Nieuws - 28 april 2010


Some time ago, my twelve-year-old daughter wrote a letter to the minister Gerda Verburg in which she asked if pigs could have a good life in pig flats (which she learned about in school).

A few weeks later, she received a letter, signed personally by Verburg, who replied that the pigs would have a very good time in their flats. They would be very well taken care of there and even be given toys. My daughter asked me if this were true, to which I answered that if the minister wrote about it in that way, it should be so too. I could see from the expression in my daughter's eyes that she was not totally convinced.
I don't know how good a life pigs can have in flats, but it doesn't feel right. A pig should be allowed to wallow in mud, lie with its legs fully stretched out on a thick bed of fresh straw, its tail curling from pleasure, with a timeless glint in the little eyes, as if to say: 'I don't care if the world makes a fuss about everything else, I'm enjoying myself lying here'.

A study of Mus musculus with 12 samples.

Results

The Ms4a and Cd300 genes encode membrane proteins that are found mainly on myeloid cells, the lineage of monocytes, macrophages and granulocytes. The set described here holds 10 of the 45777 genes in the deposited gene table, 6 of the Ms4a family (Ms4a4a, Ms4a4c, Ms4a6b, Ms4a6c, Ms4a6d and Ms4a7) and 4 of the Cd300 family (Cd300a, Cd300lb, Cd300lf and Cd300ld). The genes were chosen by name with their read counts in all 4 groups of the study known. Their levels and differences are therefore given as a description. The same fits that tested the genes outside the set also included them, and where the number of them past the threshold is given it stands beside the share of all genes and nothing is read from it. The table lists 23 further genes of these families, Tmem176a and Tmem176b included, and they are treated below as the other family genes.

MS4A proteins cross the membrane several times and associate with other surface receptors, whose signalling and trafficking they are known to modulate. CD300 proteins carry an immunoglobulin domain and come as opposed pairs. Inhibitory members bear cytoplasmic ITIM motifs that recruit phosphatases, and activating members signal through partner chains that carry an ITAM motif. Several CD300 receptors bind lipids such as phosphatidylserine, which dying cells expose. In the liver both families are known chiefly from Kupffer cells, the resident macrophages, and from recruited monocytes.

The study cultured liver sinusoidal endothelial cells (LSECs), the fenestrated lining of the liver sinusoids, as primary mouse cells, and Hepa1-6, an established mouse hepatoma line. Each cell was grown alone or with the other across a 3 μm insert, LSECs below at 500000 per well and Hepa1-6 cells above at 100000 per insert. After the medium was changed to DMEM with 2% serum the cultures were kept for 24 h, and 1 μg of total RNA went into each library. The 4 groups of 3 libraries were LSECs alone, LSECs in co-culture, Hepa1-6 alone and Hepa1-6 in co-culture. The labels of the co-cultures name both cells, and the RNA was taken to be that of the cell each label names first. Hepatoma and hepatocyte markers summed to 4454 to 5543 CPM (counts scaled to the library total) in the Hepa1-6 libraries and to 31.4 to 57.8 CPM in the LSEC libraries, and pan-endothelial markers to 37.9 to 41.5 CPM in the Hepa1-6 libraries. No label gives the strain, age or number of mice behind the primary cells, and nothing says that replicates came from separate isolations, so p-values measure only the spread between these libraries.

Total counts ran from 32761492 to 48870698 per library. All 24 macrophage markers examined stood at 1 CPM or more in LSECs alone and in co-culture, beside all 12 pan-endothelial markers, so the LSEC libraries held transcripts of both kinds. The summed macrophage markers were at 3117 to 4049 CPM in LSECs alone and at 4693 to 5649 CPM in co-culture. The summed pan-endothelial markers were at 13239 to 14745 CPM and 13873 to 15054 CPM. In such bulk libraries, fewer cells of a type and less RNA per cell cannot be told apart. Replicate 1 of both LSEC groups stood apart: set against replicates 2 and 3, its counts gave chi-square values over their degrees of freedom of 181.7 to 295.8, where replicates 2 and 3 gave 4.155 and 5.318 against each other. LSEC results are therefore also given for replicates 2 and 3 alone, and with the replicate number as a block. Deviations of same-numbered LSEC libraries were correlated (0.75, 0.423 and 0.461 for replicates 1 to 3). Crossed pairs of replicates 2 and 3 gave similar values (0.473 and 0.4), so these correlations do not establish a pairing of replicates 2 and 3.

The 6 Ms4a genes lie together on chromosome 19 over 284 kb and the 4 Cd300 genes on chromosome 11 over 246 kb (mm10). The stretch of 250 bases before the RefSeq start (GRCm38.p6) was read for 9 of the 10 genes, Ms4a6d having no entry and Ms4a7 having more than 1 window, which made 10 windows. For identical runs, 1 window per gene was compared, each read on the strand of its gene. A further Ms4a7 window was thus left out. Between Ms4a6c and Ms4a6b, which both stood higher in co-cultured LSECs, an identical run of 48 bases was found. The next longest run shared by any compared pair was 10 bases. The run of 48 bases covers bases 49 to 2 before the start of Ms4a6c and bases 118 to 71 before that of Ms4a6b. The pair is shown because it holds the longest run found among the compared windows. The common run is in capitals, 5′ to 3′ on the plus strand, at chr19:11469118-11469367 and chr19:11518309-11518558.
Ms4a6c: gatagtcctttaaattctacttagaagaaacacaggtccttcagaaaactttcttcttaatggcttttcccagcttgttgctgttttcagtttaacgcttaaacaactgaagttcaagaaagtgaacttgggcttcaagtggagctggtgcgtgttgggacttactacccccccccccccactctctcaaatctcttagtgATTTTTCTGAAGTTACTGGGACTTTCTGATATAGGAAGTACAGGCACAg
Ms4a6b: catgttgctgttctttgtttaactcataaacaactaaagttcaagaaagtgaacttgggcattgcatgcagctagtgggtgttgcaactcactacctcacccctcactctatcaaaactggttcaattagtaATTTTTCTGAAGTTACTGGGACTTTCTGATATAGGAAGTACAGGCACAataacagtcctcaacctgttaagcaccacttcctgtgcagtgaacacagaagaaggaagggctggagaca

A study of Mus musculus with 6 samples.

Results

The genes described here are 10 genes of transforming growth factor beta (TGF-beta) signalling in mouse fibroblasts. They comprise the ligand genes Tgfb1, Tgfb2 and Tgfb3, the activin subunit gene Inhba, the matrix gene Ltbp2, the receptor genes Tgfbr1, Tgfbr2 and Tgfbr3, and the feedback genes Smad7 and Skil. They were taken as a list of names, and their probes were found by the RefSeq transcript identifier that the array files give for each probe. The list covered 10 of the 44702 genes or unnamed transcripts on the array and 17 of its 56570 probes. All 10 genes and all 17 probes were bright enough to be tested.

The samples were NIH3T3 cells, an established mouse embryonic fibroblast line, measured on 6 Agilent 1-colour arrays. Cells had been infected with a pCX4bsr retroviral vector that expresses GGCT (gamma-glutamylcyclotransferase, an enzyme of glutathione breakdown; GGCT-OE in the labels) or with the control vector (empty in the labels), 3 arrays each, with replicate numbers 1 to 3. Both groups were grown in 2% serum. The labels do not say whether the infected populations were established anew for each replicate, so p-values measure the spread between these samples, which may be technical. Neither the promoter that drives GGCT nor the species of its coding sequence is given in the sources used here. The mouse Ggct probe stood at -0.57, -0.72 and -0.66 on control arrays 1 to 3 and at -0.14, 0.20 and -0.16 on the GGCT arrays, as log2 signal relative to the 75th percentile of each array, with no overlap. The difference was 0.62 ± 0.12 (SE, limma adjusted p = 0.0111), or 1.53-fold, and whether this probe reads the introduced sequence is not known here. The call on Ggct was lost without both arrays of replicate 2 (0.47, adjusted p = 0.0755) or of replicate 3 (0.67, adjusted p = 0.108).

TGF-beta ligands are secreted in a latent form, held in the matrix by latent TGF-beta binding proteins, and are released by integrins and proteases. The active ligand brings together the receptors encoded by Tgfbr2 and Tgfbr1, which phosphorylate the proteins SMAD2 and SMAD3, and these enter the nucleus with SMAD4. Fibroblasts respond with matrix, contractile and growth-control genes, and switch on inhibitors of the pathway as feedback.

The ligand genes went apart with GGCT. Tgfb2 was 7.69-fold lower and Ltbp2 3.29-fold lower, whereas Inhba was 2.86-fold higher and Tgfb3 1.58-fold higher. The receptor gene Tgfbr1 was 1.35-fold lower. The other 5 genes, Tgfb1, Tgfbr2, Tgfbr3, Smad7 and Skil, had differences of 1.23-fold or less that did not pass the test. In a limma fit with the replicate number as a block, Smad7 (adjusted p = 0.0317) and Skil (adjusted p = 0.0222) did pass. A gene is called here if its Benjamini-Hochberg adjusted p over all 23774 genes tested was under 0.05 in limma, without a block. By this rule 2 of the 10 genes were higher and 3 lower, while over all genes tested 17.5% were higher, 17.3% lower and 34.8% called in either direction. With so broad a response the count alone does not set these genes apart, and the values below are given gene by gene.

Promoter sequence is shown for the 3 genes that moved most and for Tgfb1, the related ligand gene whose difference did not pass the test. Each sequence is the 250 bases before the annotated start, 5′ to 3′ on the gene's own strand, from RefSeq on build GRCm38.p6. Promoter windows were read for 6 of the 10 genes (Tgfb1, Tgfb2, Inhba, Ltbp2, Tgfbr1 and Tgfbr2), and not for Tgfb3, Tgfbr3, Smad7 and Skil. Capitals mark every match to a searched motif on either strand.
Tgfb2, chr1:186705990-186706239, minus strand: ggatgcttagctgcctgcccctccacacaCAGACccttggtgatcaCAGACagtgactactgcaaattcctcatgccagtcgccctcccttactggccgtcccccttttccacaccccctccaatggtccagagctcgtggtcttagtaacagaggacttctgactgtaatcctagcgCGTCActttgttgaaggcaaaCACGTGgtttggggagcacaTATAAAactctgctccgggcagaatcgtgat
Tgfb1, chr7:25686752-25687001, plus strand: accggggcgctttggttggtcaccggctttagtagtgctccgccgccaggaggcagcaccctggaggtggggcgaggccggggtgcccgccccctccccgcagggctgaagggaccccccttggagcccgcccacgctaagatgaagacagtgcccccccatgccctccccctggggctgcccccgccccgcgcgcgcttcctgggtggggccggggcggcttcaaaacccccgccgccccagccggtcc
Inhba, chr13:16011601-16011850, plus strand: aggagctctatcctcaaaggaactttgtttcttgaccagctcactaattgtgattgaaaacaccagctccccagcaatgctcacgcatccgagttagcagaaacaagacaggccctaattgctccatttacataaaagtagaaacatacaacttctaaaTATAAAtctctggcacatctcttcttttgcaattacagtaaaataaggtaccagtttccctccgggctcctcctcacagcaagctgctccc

The provincial government of North Brabant has decided to put a stop to the growth of intensive livestock farming. For the nature, animal welfare and public health, a loud 'no' has sounded against the construction of mega-barns and the continued expansion of farming concerns in the vicinity of nature reserves and at the edge of built-up areas. Brabant: the province of conservative strongholds and a powerful agriculture lobby. Brabant: about which Victor Westhoff waxes lyrical concerning the stench of the Catholic farmers' cooperative, manure and musty sludge everywhere. Brabant, noble Brabant. I cut out the newspaper articles and hang them above my desk. When the going gets tough, I'd look at them, and know that miracles do happen.